The Indian automotive sector is facing the heat of the economic slowdown brought by the Covid-19 pandemic. Automobile registrations across the country dropped by 32% in April from the same period in 2019, according to a report by the Federation of Automobile Dealers Association.
With India under a complete lockdown in April 2020 and a single vehicle being sold, a year-on-year comparison is not possible, the association added.
However, what is more significant is that passenger vehicle registrations, which have been in demand as people shun public transport for fear of the virus, also declined 11.56% this April to 208,000 vehicles from 236,000 in 2019.
In March, while the overall new vehicle registrations dropped by 28.64% from last year, passenger vehicles recorded growth of 28.39%.
All other categories, barring tractors, showed a sharp decline in April this year from 2019. Tractor registrations showed a marginal increase of 3.52% to 38,285 vehicles in April, compared with 36,984 in 2019.
The worst hit was three-wheeler registrations, which were down 55.59% with 21,636 registrations in April 2021 compared with 48,722 in 2019. Commercial vehicles declined 34.58% to 51,436 registrations versus 78,630 in the same period.
In the case of two-wheelers, the downturn was 35.35%, with 865,000 registrations last month compared with 1.3 million in April 2019.
However, for the financial year 2020-21, vehicle registrations have been the lowest in the last eight years as the country went through a two-month-long lockdown last year to fight the coronavirus.
Total vehicle registrations fell 29.85% to 15.27 million units, down from 21.76 million in 2019-20. Apart from tractors, all other categories registered sharp falls in sales – three-wheelers (64.12%), commercial vehicles (49.05%), two-wheelers (31.51%) and passenger vehicles (13.96%).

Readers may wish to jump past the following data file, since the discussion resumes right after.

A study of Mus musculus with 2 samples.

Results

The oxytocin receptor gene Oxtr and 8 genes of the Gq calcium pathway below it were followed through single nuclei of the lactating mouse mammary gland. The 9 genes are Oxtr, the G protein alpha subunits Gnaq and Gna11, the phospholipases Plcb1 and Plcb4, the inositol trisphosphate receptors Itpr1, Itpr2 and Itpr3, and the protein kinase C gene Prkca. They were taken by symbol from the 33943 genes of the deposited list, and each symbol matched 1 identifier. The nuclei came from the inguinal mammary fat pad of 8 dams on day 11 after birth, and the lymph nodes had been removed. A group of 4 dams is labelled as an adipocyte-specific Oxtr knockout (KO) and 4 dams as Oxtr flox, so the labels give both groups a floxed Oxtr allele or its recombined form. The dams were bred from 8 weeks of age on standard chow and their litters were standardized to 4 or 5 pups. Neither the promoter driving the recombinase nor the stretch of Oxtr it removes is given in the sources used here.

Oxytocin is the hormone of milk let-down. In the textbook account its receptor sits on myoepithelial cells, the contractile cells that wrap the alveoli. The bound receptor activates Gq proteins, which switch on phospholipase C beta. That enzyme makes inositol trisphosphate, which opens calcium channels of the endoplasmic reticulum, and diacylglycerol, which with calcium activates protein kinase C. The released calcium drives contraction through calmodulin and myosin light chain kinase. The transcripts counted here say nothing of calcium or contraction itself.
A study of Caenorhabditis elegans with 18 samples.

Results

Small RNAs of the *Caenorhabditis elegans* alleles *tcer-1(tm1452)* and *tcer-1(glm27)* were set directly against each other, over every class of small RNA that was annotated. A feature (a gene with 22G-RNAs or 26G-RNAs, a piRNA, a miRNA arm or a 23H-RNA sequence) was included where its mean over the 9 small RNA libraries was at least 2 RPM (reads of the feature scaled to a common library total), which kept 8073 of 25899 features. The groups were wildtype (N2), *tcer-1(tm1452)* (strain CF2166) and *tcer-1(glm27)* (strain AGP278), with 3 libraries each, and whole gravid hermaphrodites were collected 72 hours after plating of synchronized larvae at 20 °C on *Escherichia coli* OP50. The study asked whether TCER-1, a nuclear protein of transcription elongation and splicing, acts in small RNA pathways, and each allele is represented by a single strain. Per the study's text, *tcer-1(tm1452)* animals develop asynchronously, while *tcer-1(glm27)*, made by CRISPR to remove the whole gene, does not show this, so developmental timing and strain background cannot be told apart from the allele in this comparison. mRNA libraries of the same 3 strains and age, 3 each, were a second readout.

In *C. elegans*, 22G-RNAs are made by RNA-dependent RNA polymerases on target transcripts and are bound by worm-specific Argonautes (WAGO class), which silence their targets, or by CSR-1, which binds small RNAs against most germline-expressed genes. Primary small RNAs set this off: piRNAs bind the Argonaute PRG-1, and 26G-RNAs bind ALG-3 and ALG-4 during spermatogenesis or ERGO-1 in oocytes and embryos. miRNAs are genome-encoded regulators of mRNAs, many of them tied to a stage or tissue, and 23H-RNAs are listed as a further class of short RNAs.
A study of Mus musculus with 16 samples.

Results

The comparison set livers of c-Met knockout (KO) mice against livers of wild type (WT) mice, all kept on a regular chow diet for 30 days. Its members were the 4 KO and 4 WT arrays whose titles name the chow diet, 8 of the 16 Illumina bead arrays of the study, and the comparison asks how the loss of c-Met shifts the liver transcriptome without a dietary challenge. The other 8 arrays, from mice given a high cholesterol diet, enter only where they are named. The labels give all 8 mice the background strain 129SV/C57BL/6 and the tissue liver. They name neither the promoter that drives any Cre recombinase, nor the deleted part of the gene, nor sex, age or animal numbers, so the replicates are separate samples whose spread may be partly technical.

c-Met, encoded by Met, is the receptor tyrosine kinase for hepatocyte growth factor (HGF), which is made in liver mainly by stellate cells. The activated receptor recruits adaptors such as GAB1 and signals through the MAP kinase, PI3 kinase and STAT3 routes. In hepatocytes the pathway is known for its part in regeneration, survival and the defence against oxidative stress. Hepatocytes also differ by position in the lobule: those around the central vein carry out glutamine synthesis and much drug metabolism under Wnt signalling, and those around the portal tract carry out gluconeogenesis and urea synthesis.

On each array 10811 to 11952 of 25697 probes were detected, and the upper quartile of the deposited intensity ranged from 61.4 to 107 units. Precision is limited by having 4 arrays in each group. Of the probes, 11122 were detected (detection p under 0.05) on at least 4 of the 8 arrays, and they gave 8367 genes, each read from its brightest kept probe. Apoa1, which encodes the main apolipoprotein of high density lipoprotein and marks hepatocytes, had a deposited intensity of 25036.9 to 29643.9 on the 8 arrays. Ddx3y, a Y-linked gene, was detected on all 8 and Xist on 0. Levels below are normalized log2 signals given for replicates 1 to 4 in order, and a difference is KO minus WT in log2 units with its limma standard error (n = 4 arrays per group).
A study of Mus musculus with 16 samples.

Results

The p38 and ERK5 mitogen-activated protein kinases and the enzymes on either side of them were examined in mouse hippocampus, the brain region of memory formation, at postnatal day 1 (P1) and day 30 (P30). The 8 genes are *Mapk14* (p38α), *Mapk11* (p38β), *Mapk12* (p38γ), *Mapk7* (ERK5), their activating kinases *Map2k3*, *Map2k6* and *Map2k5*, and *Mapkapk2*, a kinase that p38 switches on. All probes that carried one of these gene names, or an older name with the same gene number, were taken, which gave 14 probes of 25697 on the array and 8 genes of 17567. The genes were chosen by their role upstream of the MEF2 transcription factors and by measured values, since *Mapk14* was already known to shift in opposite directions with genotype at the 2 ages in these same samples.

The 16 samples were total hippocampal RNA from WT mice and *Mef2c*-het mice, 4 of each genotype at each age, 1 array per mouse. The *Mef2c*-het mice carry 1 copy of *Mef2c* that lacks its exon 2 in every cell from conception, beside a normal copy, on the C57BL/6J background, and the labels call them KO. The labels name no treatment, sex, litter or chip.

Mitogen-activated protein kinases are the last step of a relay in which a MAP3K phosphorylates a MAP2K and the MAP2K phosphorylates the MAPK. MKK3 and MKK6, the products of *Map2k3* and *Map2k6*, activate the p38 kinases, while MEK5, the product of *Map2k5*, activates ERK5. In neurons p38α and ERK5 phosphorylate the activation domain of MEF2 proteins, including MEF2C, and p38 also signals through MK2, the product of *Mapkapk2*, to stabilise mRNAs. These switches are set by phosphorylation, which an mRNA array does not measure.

Association President Vinkesh Gulati said the second wave of Covid-19 was now spreading beyond urban areas to the rural belt, resulting in falling registrations across the country. During the first wave last year, the rural market had remained upbeat and had marginally offset a sales slump in urban markets.
The trade body also said the first nine days of May saw extremely lean sales as the lockdown announced by many states led to closures of showrooms in these regions. “Even where dealerships are open, the walk-ins have dropped to 30% and customers are delaying their purchase decision,” it added.
As for any recovery, the association feels it will take much longer this time than during the Covid-19 first wave last year.
Many car and two-wheeler companies have announced maintenance shutdowns as they see a sales slump this month and want to avoid inventory pile-ups.